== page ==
Veilance, White Mountaineering, Patagonia or The North Face Black Series are proof of the different ways in which fashion and the outdoors can meet. Canada, Japan or Patagonia, the places in which they were born, whether it be from a business or spiritual perspective, have something in common. When a place possesses complex meteorological characteristics a culture is established to confront them in a unique style. That is what has happened in each mountain region and in each community. But one of them has turned that style into a global subculture; Japan.

The structure of Japan, in which three-quarters of its land is forests or mountains, implies that the cities have a higher density in population which can sometimes reach exorbitant figures. The culture that has developed in nature maintains itself ay the same time as big cities grow, in a unique balance of forces. What we’ve learned after centuries of contact with nature has been prolonged despite society’s urbanisation, thanks to a culture that remains inalterable. Over time it’s still measured in 72 micro-seasons related to the behaviour of animals or trees, which implies contact with nature. There are a few days in April, Kōgan kaeru in which we should expect geese to migrate to the North and in July we have Taka sunawachi waza o narau in which falcon learn how to fly. One of the most celebrated events is Hanami, the cherry blossom viewing and a type of fishing method, Tetanka, which is considered an art form. Mount Fuji, Japan’s highest peak, is also the nation’s symbol and a sacred element from different religions that regard its ascension as a peregrination ritual. Thousands of examples of a culture locked in the city that doesn’t want to lose their relationship with nature.

Contact with volatile nature in many cases derives into an interest in fashion. Yosuke Aizawa from White Mountaineering talks about his childhood amongst mountains, dressed in outdoors clothing imported from the United States. Kazuki Kuraishi (The North Face Black Series) wanted to professionally undertake mountain biking and snowboarding before collaborating with Pharell or Nigo. The streetwear godfather Hiroshi Fujiwara, pushed by his passion for snowboarding, collaborated with Burton Snowboards, the brand where Hiroki Nakamura (Visvim) got his start. When Eiichiro Homma launched Nanamica he had been designing for years for Goldwing, The North Face and Helly Hansen’s mother company in Japan. Another brand from the group, Woolrich, is the contact of Daiki Suzuki from Engineered Garments with the outdoors. Even the hyper-urban Jun Takahashi from UNDERCOVER shows his most nature-inclined side in the GYAKUSOU line.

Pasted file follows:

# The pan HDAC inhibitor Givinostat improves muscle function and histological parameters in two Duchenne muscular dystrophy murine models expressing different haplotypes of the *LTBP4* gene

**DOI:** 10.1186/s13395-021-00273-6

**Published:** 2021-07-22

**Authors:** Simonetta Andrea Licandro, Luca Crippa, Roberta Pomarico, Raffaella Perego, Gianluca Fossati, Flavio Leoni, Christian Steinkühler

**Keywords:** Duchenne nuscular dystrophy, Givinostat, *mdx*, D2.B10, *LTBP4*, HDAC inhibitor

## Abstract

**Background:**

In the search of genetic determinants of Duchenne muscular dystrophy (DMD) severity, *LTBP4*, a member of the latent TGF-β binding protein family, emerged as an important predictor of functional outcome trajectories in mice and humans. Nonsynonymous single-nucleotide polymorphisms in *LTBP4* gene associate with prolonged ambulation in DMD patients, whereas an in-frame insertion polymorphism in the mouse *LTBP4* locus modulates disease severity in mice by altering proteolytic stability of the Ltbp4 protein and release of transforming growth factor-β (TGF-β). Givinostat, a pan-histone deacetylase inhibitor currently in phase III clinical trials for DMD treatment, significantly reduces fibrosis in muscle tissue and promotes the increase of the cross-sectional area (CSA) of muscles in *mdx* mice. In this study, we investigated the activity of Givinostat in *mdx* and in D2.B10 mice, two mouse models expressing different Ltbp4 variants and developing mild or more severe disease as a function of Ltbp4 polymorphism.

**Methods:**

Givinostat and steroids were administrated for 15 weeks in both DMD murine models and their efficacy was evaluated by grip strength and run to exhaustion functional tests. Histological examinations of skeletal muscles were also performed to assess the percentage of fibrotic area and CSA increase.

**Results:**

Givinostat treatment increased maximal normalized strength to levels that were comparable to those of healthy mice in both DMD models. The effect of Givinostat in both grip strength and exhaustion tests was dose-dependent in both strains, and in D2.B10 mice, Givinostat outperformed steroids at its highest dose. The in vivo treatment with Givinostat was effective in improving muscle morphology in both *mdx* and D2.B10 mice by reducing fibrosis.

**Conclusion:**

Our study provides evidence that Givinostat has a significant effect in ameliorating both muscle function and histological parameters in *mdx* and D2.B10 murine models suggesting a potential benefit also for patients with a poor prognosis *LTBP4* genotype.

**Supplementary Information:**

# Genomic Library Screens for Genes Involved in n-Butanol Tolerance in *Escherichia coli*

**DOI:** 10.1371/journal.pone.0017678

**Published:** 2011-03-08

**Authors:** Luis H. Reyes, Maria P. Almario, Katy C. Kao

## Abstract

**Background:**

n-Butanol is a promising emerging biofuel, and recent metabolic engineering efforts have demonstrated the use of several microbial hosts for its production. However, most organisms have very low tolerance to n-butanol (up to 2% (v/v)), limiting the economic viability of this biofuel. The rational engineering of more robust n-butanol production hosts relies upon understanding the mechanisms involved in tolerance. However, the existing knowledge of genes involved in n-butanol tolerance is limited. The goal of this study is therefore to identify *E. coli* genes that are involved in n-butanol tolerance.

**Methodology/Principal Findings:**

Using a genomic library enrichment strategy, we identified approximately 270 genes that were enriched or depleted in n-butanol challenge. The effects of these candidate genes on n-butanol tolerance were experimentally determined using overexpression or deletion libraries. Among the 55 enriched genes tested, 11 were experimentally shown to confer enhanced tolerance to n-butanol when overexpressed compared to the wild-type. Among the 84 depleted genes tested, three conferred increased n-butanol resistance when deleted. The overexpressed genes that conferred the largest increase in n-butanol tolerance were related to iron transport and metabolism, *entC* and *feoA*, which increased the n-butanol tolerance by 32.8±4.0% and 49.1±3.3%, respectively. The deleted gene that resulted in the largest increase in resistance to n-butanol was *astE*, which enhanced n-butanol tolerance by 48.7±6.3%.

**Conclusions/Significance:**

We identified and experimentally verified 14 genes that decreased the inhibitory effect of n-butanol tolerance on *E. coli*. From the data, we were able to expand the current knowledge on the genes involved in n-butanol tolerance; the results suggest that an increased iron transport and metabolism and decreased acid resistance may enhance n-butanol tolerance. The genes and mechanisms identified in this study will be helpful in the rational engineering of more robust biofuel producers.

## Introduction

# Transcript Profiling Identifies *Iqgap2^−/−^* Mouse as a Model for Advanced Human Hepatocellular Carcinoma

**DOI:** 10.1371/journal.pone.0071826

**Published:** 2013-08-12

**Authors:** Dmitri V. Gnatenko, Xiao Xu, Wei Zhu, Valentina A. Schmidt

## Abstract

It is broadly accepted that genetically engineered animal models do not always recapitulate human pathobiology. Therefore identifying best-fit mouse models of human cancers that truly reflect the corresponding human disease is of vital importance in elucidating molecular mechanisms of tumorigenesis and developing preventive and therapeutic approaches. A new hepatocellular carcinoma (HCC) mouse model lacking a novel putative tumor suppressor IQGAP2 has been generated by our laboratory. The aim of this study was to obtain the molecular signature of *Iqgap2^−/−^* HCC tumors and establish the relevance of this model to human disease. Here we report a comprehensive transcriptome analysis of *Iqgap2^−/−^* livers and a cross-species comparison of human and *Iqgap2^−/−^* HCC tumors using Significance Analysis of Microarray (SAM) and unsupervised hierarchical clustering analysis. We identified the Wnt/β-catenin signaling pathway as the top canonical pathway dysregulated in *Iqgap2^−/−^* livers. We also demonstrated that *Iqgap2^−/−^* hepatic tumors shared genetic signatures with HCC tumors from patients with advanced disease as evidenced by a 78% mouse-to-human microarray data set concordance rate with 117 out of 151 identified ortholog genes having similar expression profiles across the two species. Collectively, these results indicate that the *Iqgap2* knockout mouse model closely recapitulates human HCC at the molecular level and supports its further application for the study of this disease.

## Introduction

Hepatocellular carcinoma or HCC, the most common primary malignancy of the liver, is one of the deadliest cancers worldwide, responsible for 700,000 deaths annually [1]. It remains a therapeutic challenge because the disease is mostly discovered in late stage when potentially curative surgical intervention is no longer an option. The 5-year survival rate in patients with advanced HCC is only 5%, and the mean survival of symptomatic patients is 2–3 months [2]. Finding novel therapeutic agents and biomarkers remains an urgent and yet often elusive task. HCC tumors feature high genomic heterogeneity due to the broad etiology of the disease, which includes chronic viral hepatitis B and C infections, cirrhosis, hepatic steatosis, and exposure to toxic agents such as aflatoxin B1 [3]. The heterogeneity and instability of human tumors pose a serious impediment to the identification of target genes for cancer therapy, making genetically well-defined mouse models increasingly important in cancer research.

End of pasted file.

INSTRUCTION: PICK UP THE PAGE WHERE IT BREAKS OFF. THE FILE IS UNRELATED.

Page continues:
It’s not about a technologically advanced product. Cotton and wool play an equally important part, they are natural fibres that must follow sustainable manufacturing processes. Unlike the outdoors that is understood as a high-performance sport, functionality doesn’t only measure mountain results but also the impact that is provoked in it.

With Japan as a source of inspiration, the outdoors style became global with its own characteristics. The references are 2nd and Go Out publications, but also the writings of Henry David Thoreau, the Americana style or the nomads’ approach to nature. The classic mountaineering product is based on a very simple philosophy; everything must have a function. The new outdoors isn’t afraid of functionality, the necessary elements for the mountain can become aesthetic standards. Oakley with Samuel Ross, Martine Rose with Napapijri, Nike ACG’s rebirth or publications like Proper Magazine flawlessly mix their love for nature with references to rock or more casual styles.

Now that we understand luxury as a possibility to get closer to nature, the city and the outdoors live in a continuous transition. These are explorers who use their nature-related memories to rediscover the city.